Walter Aquart


William Robinson Clarke

‘Arrived England in June, back in Jamaica by September’

1915 - 1998


In fact, he had no intention of remaining in England. A few weeks later, on September 2, he was back on board another ship, the SS Oribita sailing from Liverpool to Kingston, having visited the country on business.

It is a common fallacy that the Windrush carried only 492 Jamaicans coming to England to seek work. There were in fact at least 1,027 passengers on board and they certainly were not all Jamaican. Some of the passengers were coming to the UK for a holiday, some were returning home after spending time working abroad, some were in the UK for educational purposes and many, like Walter, were simply in England as part of their employment. Walter declared himself as a clerk on the Windrush passenger list but we don’t know any more about the precise business in which he was employed.

Walter arrived back in the Jamaican capital on September 22 to be reunited with his wife, Beryl, and three-year-old son Ronald. The couple had married in 1943 while Walter was working as a clerk. Beryl, née Dunn, was a seamstress hailing from Portland on the island’s northeast coast.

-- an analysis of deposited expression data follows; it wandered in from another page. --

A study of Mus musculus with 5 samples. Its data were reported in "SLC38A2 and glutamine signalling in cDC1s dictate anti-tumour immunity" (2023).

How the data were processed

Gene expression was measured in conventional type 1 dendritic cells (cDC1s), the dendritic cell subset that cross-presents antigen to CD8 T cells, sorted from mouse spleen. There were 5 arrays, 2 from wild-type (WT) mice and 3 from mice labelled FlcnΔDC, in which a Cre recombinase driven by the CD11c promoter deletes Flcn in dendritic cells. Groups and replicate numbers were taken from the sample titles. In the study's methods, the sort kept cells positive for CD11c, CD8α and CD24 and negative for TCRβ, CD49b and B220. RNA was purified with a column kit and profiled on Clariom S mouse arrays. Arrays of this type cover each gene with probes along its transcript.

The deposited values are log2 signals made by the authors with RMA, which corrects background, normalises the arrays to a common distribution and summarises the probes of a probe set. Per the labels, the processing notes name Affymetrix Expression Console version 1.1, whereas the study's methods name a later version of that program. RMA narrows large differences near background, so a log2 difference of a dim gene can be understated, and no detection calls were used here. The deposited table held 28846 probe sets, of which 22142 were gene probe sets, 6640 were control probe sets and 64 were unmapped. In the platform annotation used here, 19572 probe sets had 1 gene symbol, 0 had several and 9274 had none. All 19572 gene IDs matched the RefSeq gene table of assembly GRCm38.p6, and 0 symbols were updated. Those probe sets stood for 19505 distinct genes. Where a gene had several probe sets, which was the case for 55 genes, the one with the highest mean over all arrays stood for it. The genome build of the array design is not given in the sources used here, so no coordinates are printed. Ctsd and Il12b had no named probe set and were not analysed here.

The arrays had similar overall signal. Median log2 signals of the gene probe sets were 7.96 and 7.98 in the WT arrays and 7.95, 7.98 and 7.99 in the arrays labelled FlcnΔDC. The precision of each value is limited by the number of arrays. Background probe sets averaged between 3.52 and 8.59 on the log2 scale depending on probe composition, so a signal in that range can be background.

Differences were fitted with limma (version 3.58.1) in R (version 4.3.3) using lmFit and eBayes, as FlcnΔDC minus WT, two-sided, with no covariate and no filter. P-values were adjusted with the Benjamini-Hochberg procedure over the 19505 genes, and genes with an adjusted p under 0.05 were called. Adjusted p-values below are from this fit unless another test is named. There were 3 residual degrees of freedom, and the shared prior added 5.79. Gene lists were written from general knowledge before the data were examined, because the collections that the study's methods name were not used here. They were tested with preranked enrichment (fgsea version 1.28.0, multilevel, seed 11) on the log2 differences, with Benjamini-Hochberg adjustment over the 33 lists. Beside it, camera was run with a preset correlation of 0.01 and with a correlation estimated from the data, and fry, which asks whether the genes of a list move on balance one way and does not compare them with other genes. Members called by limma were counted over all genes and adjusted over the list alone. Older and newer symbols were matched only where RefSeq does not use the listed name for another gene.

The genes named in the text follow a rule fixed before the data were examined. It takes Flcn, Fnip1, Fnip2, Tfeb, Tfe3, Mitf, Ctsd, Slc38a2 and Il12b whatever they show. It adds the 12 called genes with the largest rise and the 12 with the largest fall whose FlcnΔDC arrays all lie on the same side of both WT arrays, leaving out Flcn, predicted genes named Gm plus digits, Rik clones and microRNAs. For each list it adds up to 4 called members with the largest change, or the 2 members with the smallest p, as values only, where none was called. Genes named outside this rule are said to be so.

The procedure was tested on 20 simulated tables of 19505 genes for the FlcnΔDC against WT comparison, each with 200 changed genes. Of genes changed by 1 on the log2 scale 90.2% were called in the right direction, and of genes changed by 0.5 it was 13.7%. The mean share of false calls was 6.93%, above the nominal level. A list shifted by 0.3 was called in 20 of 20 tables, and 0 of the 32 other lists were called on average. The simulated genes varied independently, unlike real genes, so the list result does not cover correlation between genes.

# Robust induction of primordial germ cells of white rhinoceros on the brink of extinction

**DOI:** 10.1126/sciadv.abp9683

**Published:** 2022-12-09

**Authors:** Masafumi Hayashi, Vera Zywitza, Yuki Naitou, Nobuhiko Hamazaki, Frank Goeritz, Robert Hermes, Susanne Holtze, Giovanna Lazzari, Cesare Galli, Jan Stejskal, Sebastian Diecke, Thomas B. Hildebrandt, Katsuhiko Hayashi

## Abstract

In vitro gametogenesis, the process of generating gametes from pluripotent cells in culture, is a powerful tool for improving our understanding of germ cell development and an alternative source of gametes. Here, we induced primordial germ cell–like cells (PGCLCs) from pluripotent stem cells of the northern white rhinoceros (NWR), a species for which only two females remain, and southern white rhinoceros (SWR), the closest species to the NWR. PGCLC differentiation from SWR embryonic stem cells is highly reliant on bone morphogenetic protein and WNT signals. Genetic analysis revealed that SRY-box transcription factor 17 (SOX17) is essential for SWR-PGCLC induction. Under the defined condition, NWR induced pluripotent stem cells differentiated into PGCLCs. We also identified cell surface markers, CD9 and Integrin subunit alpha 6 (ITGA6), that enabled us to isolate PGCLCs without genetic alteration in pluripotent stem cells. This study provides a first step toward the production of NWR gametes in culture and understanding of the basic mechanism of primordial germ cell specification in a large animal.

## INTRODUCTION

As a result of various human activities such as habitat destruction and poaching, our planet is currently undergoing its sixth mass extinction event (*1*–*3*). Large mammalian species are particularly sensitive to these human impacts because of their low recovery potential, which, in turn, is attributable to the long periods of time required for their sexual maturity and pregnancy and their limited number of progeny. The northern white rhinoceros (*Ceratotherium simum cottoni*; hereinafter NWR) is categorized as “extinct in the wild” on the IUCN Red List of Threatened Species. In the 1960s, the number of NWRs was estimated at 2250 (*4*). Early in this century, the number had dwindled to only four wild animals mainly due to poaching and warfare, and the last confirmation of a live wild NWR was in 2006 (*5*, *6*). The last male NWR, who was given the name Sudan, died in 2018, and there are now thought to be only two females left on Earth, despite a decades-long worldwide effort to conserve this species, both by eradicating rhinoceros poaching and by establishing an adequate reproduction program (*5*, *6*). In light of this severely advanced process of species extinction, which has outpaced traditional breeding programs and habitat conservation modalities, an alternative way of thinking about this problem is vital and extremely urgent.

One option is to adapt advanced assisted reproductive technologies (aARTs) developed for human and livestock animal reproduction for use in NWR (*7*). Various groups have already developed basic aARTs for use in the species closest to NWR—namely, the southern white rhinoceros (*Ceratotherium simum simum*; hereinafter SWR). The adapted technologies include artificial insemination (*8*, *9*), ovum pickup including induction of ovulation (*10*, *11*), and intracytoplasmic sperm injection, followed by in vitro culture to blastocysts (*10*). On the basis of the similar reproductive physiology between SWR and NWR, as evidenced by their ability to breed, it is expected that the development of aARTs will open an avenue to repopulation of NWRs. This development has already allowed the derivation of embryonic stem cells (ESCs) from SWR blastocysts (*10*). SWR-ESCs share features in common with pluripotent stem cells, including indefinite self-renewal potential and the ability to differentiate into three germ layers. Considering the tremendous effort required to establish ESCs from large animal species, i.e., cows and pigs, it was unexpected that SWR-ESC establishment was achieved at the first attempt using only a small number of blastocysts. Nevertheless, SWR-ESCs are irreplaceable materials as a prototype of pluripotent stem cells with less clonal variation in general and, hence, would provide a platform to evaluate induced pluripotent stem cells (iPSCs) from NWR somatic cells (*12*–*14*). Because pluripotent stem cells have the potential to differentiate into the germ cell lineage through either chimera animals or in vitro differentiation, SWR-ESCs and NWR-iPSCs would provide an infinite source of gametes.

Walter was born on the other side of the country in Hanover on August 18, 1915. Christened Walter Percival Lindley Aquart, he was the son of

Grenadian-born Walter Percival Montague Aquart and Wilhelmina Theodore Aquart, née Harris, from Hanover.

Walter senior was a planter and 13 years older than his wife. They married in Cave Valley, Hanover, in 1923, almost eight years after Walter junior came into the world.

The Grenadian side of the family was white- skinned whereas Wilhelmina and the Harris family were classed as ‘Black’. As such, Walter and his four siblings were relatively light-skinned.

Walter and Beryl had five children before divorcing in 1963. Walter later remarried and had a daughter with his second wife.

He travelled widely and lived and worked in the USA. Beryl, too, spent time in the UK and the USA, and the frequent separations might have been a contributory cause to the breakdown of their marriage.

In his time, Walter worked as a farmer and was an active trade unionist, holding a senior position in the National Workers Union in Jamaica. He died in Kingston in 1998 aged 83.